Labour’s surrender to big business means it’s now at its mercy
There is nothing remotely surprising or impressive about business leaders supporting a Conservative government. After all, they have been the winners of the Tories' relentless support for the wealthiest people in society. Today's letter from 100 business leaders to the Telegraph is even good enough to point out how plainly self-interested this support is, with George Osborne's repeated cuts to corporation tax featuring prominently.
Business leaders supporting Tories is as interesting and newsworthy as nurses supporting Labour. That would never win headlines. The fact the business letter is leading bulletins on the Today programme hints at the deep political assumptions of the political mainstream. Few are willing to explore how what is good for business leaders is not necessarily good for workers. And since Tony Blair took charge, the Labour party has been no better.
Business leaders may say their success leads to job creation – but what kind of jobs, with what sort of pay? A significant decline in employment standard has seen us lose the notion that someone is entitled to a decent day's pay for a decent day's work. Workers are paid so little they have to rely on tax credits and credit cards to sustain the spending a consumer economy demands. The relentless focus on business interests, rather than workers' interests, has damaged the economy as well as the quality of people's lives.
Has anyone considered that the front page of today's Telegraph is just a poor #AprilFools as 100 rich folk backing Tories is hardly news…
Hey, @Ed_Miliband, to answer that Telegraph splash, all you need are 2 figures: How much they collectively earned and how much tax they paid
— Dismal Chips (@FelixRatbastard) April 1, 2015
Labour should get into a big row with big business and not pretend they are friends.They would then be on the right side of public opinion.
— charlie whelan (@charliewhelan) April 1, 2015
Instead of dwelling on the signatories of the letter, Labour officials might do well to read the ComRes poll for ITN of voters in their Scottish constituencies last night. It found 30% of those who voted Labour in 2010 were now planning to vote SNP. When asked why, 35% said it was because Labour "no longer represents people like me".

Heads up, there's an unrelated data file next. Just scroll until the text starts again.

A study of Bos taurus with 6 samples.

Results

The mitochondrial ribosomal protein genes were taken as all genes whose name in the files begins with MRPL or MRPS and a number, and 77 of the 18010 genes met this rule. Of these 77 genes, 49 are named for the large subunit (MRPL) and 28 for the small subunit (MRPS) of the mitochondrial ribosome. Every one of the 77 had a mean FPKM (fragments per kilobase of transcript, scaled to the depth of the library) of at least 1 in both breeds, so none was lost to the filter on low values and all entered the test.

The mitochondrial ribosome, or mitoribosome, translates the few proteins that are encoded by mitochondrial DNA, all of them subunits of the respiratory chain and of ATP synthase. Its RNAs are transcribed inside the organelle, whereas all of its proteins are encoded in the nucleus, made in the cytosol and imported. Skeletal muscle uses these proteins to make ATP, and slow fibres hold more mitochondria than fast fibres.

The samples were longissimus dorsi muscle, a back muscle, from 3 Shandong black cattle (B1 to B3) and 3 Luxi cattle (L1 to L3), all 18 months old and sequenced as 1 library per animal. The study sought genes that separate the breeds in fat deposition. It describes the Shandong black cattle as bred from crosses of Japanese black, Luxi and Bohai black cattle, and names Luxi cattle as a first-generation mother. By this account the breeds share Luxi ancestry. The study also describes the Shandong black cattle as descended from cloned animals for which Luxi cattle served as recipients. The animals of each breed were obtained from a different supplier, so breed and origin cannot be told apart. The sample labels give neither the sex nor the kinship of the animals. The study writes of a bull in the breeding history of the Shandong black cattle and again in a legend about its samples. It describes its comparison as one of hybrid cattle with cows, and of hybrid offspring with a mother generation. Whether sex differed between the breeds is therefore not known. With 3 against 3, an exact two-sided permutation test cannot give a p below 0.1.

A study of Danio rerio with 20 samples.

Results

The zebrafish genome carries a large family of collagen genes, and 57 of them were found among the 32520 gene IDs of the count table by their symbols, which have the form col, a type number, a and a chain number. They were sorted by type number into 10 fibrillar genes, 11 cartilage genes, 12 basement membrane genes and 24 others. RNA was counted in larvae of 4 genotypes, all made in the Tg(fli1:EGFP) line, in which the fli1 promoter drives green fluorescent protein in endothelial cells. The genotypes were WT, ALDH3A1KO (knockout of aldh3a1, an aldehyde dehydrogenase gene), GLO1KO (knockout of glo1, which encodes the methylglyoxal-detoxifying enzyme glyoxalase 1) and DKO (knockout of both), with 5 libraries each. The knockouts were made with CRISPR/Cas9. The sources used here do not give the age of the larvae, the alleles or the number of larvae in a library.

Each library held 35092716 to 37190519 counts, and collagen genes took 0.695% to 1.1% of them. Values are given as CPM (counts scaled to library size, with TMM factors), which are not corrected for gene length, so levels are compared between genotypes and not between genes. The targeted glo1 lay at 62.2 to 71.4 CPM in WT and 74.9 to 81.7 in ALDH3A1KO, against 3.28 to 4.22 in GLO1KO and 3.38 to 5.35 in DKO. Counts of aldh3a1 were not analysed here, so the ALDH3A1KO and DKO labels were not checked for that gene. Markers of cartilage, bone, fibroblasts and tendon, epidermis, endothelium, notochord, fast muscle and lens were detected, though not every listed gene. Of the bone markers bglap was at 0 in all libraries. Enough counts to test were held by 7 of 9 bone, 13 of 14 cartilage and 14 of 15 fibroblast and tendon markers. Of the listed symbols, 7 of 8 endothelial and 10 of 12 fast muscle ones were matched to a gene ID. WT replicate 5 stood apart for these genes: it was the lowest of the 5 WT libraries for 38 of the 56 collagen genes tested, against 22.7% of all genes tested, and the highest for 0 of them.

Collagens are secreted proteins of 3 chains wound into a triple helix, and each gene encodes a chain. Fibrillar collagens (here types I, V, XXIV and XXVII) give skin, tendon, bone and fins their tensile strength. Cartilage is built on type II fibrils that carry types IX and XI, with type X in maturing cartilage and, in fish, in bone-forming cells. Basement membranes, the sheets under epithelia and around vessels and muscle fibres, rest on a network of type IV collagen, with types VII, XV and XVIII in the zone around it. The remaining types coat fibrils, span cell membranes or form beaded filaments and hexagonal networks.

That process had been taking place for some time. It was 1998 when Peter Mandelson first said that Labour was "intensely relaxed about people getting filthy rich", while Tony Blair went on a 'prawn cocktail offensive' to get the City onside. The total lack of critical thinking about the private sector continued throughout Labour's time in office, with the 2001 and 2005 elections seeing the party promoting its own letter of support from business leaders.
Ed Miliband has taken a more robust stance, but there are few radical moves to compliment the rhetoric of a 'squeezed middle'. As with most areas of his leadership, he has gone far enough to alienate his natural opponents, but not far enough to inspire his natural supporters.
Even on Monday of this week, he was proudly promoting business support for his refusal to hold a referendum on membership of the EU – a tactic which rather backfired when some of those quoted distanced themselves from the ad.
Labour tweeters this week. Monday: "Venerate those wise business CEOs over Europe." Wednesday: "Boo. Hiss. Ignore those business CEOs."
— David Skelton (@DJSkelton) April 1, 2015
Labour *should* upset big business from time to time. When it stops doing that there's really no longer any point having a Labour Party.
— James Bloodworth (@J_Bloodworth) April 1, 2015
Some of those pro-business chickens came home to roost today. It’s hard for Labour to dismiss the letter when five of its signatories – Surinder Arora, Duncan Bannatyne, Charles Dunstone, Cameron Mackintosh and Moni Varma – are former Labour supporters. If their views matter so little (and they do) then why was Labour once so keen to promote them?
This decades-long flirt with business has left Labour isolated. It is unable to convince its supporters it will represent their interests because it has spent so long defending those of the rich. It has failed to make the argument that what is good for business leaders is not necessarily good for their workers. And it has sold itself out to business so thoroughly that it cannot dismiss the Telegraph letter, because it has often done the same thing itself.
This is the natural fate of a left wing party selling itself out to business interests. When those interests return to their natural home, you no longer have the ability to challenge them.